Digitisation of processes could reduce bureaucracy and support transformation in NHS care, a new report says
If I lose my job, it is most likely because I am going to throw my computer out of the window, given the amount of time that doctors, nurses and other healthcare professionals waste waiting for IT to work, or for systems to talk to each other so that I know what is happening in my ED.” Dr Andrew Goddard, Royal College of Physicians
The parliamentary health and social care committee has urged the government to work on digitising NHS and care services as part of a strategy to tackle the Covid-19 backlog.
Published last week, the committee’s report, Clearing the backlog caused by the pandemic, discusses the knock-on problems caused by the Covid-19 pandemic to other services. One of the ways of addressing these problems, it says, is to use the Wade-Gery report on digital transformation, published in November, “as a platform to make further progress on the digitalisation of NHS and care services.”
The report welcomes the Spending Review commitment to investing £2.1bn in technology and data, and says there is “enormous potential for technology to support a transformation in NHS care that will bring benefits for patients and staff alike.” However, it adds that the potential will not be realised “while many providers still struggle with basic IT infrastructure”. Noting that about a fifth of NHS trusts still rely on paper processes, it says that NHS England should produce its roadmap in response to the Wade-Gery report as soon as possible.
It also recommends that NHS England publish its planned evaluation of the role of digital tools in primary care “at the earliest opportunity” and use it as a basis for producing best practice guidance on “reducing bureaucracy and day-to-day IT administration tasks, including those associated with referrals, routine blood tests, and follow-up appointments” and “the use of remote consultations in general practice.”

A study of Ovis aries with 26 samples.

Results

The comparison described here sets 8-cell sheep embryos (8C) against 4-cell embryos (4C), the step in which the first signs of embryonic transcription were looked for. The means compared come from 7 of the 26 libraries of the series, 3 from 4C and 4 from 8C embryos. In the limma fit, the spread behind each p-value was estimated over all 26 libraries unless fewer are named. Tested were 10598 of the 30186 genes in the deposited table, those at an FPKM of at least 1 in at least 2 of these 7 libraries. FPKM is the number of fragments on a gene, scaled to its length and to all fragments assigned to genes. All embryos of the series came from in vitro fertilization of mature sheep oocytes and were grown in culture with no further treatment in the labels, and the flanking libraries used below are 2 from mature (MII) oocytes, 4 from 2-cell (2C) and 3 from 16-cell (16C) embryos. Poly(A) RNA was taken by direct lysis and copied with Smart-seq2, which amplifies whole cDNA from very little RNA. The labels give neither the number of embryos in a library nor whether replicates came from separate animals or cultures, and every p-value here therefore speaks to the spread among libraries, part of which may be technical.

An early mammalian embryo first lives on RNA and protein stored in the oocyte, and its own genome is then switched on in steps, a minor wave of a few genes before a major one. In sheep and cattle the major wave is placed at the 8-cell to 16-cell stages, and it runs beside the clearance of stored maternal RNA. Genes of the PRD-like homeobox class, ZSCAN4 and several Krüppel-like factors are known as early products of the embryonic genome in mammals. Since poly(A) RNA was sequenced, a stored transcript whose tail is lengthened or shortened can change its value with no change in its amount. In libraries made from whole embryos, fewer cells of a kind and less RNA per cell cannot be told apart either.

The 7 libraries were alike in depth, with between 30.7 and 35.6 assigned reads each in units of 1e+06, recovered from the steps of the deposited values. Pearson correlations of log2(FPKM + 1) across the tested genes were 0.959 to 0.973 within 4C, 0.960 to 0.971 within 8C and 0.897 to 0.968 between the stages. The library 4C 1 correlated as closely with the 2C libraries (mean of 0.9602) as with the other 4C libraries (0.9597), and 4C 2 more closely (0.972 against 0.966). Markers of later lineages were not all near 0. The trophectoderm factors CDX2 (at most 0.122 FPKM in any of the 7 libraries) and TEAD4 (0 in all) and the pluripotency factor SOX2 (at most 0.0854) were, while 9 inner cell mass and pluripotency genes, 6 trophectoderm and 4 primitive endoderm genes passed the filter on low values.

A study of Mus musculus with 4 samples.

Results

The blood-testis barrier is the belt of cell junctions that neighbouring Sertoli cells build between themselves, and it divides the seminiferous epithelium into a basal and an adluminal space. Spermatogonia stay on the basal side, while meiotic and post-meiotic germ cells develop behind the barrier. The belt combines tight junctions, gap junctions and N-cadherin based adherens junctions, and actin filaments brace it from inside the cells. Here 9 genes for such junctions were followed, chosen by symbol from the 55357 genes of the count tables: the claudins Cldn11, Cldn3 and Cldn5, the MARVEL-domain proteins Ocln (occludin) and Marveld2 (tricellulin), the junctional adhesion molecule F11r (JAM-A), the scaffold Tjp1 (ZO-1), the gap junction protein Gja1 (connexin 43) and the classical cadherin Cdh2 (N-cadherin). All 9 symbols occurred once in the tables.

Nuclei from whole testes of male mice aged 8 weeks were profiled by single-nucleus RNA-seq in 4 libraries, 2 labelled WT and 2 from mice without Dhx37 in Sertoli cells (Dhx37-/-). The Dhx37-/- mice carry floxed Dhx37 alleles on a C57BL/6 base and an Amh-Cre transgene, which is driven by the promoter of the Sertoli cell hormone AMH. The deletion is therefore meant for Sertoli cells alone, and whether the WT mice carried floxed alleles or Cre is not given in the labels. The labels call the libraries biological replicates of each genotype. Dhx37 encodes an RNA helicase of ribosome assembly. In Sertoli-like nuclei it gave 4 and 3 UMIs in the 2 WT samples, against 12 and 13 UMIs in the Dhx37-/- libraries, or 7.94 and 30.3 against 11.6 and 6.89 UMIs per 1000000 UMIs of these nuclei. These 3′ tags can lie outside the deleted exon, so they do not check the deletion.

NHS England should look beyond primary care, it adds, and consider “the impact of an increased usage of such tools not only on patients, but also on other parts of the health and care system, especially at the primary care and secondary care interface.”
While acknowledging that the desire to prioritise the elective backlog is “understandable”, the report expresses concern that “a focus on those areas most amenable to numerical targets risks deprioritising other equally important areas such as primary care, community services and mental health services which all play a crucial role in keeping people healthy and out of hospital.”
Noting the frustrations that poor IT causes for many health professionals, the report quotes Dr Andrew Goddard of the Royal College of Physicians: “If I lose my job, it is most likely because I am going to throw my computer out of the window, given the amount of time that doctors, nurses and other healthcare professionals waste waiting for IT to work, or for systems to talk to each other so that I know what is happening in my ED.”
The report makes a number of other recommendations, including that the government undertake an urgent review of short-term recruitment and retention issues within the health and care workforce, and that it uses the introduction of integrated care boards (ICBs) as an opportunity for local integration and innovation.